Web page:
Following World Suicide Prevention Day, I thought I would comment on some developments in this space.
Social media platforms have been actively considering the positive steps they can take to mitigate the harm of social media use on young people. The issue is real and ongoing - a report by the Education Policy Institute and The Prince's Trust earlier this year found that teenagers' mental health was being damaged by heavy social media use. It was linked to negative wellbeing and self-esteem, regardless of a young person's mental state, with more girls experiencing feelings of depression and hopelessness, the study said. These issues are not limited to teenagers, of course, but these triggers are perhaps most acute given the heavy use of social media made by teenagers and the fact they won't remember (and probably can't imagine) life before social media.
Worryingly, one in seven girls was unhappy with their personal appearance at the end of primary school, increasing to one in three girls by the age of 14. Boys in the bottom set at primary school had lower self-esteem at 14 than their peers. The wellbeing of both genders fell during adolescence, with girls experiencing a greater decline, the report said, while recognising that in general girls' self-esteem and wellbeing stabilises as they move into their late teens, whereas it continues to drop for boys.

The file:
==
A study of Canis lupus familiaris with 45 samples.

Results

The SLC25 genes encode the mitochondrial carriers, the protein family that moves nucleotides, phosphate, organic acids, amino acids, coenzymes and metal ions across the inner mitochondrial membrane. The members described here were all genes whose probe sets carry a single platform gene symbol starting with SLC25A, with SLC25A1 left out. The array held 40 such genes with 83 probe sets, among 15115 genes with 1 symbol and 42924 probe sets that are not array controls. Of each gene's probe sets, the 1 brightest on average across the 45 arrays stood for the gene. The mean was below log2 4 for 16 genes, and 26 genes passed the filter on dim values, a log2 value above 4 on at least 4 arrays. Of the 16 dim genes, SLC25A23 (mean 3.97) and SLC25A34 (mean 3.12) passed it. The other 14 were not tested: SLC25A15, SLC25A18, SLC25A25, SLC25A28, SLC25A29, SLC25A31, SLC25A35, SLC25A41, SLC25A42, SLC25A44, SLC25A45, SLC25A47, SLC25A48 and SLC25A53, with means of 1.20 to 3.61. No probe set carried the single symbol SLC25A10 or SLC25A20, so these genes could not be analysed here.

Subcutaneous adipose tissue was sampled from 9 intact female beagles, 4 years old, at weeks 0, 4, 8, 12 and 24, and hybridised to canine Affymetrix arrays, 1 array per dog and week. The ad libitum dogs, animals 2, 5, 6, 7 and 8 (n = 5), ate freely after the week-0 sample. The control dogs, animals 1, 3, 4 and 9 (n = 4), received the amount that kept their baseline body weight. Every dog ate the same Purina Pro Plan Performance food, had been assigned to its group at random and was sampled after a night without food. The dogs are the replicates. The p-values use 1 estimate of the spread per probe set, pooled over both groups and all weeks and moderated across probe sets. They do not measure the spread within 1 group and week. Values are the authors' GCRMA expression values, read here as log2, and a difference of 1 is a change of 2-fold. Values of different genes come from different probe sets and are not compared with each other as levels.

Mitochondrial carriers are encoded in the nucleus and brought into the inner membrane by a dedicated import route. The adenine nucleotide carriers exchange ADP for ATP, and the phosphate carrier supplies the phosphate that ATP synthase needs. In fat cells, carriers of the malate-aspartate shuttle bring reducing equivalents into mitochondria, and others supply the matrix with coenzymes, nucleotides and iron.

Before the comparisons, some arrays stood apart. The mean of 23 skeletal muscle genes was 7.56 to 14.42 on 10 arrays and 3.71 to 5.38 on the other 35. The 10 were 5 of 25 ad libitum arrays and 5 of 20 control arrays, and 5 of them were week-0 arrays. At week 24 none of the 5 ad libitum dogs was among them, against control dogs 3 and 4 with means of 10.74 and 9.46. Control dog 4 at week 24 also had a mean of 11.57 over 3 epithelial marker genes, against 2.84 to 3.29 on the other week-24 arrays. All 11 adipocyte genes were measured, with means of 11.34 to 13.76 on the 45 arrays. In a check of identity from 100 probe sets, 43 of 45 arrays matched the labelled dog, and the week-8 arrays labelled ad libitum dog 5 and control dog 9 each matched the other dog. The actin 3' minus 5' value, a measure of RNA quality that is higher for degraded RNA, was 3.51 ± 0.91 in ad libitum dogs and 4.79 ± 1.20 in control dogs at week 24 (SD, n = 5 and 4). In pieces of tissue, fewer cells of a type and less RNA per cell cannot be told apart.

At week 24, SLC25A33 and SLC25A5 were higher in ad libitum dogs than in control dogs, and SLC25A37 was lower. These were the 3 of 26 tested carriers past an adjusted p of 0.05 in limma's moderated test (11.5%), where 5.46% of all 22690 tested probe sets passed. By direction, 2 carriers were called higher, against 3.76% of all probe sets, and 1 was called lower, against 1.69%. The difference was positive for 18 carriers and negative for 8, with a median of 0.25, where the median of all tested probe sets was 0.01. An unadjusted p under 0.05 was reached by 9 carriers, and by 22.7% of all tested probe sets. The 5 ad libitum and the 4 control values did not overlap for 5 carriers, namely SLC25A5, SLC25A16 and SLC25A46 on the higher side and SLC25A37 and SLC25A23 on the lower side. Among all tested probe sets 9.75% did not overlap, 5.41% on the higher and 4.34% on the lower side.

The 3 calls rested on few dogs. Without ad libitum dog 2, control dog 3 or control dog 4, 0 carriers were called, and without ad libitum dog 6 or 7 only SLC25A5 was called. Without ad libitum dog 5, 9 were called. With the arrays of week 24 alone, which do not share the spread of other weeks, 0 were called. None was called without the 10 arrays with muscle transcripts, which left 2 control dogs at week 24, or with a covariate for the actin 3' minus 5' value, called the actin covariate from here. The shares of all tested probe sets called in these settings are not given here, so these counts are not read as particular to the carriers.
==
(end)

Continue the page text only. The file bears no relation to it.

Another worrying trend identified by the study is that the number of young people with probable mental illness has risen to one in six, up from one in nine in 2017.
Of course, social media is not the only contributor. The report by the Education Policy Institute also found that the pandemic, as well as family income, exercise, and poor maternal health also contributed to young people's mental state, the study found.
In response to these issues, social media sites have been considering how and to what extent they can alleviate these problems. For example, TikTok has announced a suite of features to help users struggling with mental health issues and suicidal thoughts. The features include guides on wellbeing and support for people who are struggling with eating disorders. Users who look up terms such as "suicide" will also be directed to resources where they can get support.
A spokesperson for TikTok said "We care deeply about our community, and we always look for new ways in which we can nurture their well-being. That's why we're taking additional steps to make it easier for people to find resources when they need them on TikTok."